While asexual reproduction in invertebrate species isn’t unheard of, it isn’t exceptionally common either. Instead, such behaviors are typically attributed to plants or a smaller list of animals, of which some have the capability to reproduce asexually or with a mate. Komodo dragons are one such example, as they often live in isolation, meaning that female dragons are known to occasionally reproduce asexually when they are unable to find a male.
This type of reproduction is referred to as parthenogenesis, defined by a female of a species reproducing without the need for male fertilization. The process involves an egg doubling, dividing and then combining its genetic material to create offspring. While the process can produce viable offspring, there have also been cases of developmental complications as a result of being formed via parthenogenesis.
Of course, there is also the case that some species have never been observed to reproduce asexually, meaning that the rarity of such behavior could be a result of various evolutionary implications. Furthermore, it would appear that parthenogenesis is not the only means by which a species can reproduce without a partner.
A study conducted by scientists at the University of East Anglia and others at the University of Gothenburg revealed that female cichlids also have the potential to produce offspring independently. LiveScience reports that the team was surprised to find one female cichlid in their lab tanks swimming around with fertilized eggs in her mouth during the study. The tank was filled with other female cichlids, so there was no chance of the eggs being fertilized.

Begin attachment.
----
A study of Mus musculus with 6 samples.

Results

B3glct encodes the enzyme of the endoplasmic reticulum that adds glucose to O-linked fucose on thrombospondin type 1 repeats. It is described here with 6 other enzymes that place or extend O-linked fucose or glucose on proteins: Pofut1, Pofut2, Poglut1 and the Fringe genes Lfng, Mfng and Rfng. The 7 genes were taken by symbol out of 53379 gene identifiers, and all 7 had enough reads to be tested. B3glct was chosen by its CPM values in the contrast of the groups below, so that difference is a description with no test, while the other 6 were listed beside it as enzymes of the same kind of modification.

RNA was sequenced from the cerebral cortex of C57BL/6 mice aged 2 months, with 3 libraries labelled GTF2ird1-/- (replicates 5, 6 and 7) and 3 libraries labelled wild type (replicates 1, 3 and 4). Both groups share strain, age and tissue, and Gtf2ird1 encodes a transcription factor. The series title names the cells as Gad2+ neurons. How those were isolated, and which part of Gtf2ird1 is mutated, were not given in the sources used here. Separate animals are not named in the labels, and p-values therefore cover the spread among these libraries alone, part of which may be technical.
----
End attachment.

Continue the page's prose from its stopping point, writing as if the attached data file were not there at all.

While the team originally assumed that this was a case of parthenogenesis being observed in female cichlids, the theory was dismissed upon closer examination of the fish. Upon looking closer at the fish’s sex organs, the subject appeared to have both normal ovaries as well as spermatocytes, cells that make sperm. This meant the fish could make offspring without the help of a mate. They named the subject “Mary.”
While under observation, Mary produced 14 broods of young and of those, 46 offspring hatched, and 17 survived. Interestingly, none of the offspring shared their mother’s unique characteristics. This observation also demonstrates how what was observed is not a case of parthenogenesis. If it had been, the offspring would have been clones of Mary, but they were not. As such, the scientist referred to the unusual reproductive ability as “selfing” instead of cloning as the spawn differed, and Mary’s offspring underwent some form of fertilization.
While being able to reproduce without a mate might seem like an advantage, there are some known complications. In situations where mates are scarce, or the species is particularly isolated, the ability to reproduce independently can certainly serve its own function. However, researchers believe there are downsides to being able to self-fertilize.
Specifically, they point to a phenomenon called inbreeding depression, wherein there is such minimal genetic diversity that birth defects can occur in the generations that follow. The development of two different sexes, after all, came about very likely to ensure more diversity in genes, they say.
Researchers say that the risk of genetic defects may be why “selfing” is so exceptionally rare in nature. But they don’t rule out that it could have happened before in a lab environment—fish are rarely swimming around by themselves, they say, and scientists focusing on other questions could easily have missed them.